This week stories: Hands on with the Canon PowerShot N, falling in lust with the Fujifilm X20, and the Return of Drobo, Part 4.
Story #1 - The Canon PowerShot Nfeatures a powerful 28-224mm optical zoom, 12 MP sensor, touchscreen LCD that flips open, one button WiFi connectivity to your mobile device, stunning creative filters that can automatically be applied, and it's "shirt pocket" small. Price will be $299 this April.
I thought it was the most innovative consumer camera at CES.
But is it innovative enough for nimble photographers to slide into their pockets when they already have a capable smartphone?
Story #2 - The Fujifilm X20 ($599)reminded of just how handsome and capable a compact camera can be. Inside its die-cast magnesium body is a new 12MP 2/3" X-Trans CMOS II sensor coupled to a Fujinon 28-112mm f/2-2.8 zoom lens. Fuji's sensor is larger than much of its competition, including the Canon G15 and Panasonic LX7 that both use 1/1.7" chips.
The X20 now features an advanced optical zooming viewfinder that has an information overlay so you can see the current exposure settings while composing the shot. This is well implemented, and a welcome upgrade to the x10's viewfinder, which was good to begin with.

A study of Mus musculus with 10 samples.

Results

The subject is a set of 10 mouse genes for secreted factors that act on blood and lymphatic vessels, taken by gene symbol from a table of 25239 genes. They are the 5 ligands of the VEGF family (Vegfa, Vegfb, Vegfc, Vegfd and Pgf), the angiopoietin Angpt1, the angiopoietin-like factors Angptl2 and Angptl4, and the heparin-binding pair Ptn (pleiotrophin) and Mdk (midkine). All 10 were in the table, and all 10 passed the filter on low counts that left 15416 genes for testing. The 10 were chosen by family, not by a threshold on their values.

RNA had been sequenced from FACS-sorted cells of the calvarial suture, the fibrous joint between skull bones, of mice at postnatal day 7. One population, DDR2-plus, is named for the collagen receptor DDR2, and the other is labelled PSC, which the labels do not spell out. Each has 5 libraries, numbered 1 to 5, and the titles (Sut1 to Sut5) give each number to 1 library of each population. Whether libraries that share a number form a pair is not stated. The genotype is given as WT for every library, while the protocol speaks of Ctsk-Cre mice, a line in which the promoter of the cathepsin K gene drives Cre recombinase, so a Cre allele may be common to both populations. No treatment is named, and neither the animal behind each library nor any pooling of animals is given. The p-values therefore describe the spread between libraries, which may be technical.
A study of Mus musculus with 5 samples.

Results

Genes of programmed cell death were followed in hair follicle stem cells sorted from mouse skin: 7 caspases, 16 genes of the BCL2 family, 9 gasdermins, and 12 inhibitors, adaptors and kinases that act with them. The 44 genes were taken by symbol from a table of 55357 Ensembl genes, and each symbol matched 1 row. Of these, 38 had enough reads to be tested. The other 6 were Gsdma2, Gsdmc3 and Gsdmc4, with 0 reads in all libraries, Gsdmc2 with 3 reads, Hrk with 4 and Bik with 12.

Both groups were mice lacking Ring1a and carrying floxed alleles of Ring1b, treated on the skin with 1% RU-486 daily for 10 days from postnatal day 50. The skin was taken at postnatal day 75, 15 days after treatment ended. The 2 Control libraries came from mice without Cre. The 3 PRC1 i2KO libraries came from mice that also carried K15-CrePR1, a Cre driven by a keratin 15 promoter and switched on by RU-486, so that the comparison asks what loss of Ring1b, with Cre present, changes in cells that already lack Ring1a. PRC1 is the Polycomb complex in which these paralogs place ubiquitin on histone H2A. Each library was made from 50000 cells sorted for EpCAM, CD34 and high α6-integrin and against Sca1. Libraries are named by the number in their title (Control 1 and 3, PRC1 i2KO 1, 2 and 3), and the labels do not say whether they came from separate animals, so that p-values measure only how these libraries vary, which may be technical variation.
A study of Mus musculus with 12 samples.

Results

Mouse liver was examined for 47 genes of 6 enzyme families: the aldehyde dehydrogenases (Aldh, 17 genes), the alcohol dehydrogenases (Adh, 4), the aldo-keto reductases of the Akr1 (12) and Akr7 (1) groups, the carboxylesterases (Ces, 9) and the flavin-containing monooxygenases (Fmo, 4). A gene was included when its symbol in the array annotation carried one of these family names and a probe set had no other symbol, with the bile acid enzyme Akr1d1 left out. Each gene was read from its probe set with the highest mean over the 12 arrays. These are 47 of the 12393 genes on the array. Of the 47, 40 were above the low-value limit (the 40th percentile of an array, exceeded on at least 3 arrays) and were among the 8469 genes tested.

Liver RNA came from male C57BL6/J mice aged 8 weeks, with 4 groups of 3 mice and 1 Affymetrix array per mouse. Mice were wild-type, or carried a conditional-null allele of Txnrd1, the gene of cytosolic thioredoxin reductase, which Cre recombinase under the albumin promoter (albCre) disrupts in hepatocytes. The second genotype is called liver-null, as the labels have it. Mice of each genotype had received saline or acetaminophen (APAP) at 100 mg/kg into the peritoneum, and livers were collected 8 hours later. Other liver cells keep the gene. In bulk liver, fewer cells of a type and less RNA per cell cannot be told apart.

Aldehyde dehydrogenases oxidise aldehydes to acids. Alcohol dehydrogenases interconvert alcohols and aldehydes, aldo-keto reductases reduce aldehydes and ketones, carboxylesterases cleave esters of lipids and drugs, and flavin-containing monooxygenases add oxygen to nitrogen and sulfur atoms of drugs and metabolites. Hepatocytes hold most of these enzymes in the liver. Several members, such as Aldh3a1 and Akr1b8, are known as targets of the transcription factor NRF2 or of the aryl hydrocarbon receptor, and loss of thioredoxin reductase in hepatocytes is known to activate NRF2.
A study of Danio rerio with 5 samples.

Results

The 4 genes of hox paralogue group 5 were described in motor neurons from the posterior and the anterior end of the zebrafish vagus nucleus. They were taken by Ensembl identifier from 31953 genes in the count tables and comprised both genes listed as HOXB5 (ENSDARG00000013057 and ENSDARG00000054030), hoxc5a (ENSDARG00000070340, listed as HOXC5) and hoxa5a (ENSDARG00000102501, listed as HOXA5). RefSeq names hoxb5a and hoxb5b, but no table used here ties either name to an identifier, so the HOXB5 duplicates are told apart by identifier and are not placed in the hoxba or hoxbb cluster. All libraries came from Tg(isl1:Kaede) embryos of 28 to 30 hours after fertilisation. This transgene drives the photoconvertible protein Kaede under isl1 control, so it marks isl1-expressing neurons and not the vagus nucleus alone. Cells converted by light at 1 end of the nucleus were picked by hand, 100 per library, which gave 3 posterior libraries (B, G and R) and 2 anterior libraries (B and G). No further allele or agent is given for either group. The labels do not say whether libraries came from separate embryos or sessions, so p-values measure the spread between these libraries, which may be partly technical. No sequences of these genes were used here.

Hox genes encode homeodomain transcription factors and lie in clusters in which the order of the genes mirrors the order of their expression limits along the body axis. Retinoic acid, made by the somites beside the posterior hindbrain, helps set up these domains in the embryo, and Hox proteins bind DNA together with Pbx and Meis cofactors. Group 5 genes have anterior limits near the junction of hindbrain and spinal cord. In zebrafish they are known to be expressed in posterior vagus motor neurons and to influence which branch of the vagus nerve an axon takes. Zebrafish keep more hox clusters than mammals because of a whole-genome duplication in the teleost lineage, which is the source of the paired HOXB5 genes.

Additional features include an Intelligent Hybrid AF System, full HD 1080 video at 60fps, RAW capture, built-in film filters.
Story #3 - The Return of Drobo, Part 4. Since only my MacBook Pro Retina Display has Thunderbolt connectors, which I had been using for this project, I decided to try out the Drobo 5D using its buff USB cord included in the kit, and connecting it to my second generation (2009) MacBook Air.
For sorting and viewing images in Aperture reading the library located on the Drobo, performance was quite good. Where I noticed a difference was loading the data for RAW files in the Adjustments Inspector. There was a short delay from the time I opened the image until the adjustment tools were ready for use.
My conclusion is that I can view images, add metadata, and sort from the Aperture library using the humble USB 2 connection from my older MBP Air. But if I want to engage in serious image editing of RAW files, I should use the Thunderbolt connectivity on my newer MBP Retina Display.
Keep in mind however, that the USB port on the 5D is version 3. I was using USB 2 on my MBP Air. In the next installment, we'll see how USB 3 fares on the newer MBP.
The January 2013 photo assignment is Self Timer.
More Ways to Participate
Want to share photos and talk with other members in our virtual camera club? Check out our Flickr Public Group. And from those images, I choose the TDS Member Photo of the Day.
Red River Paper -- Keep up with the world of inkjet printing, and win free paper, by liking Red River Paper on Facebook.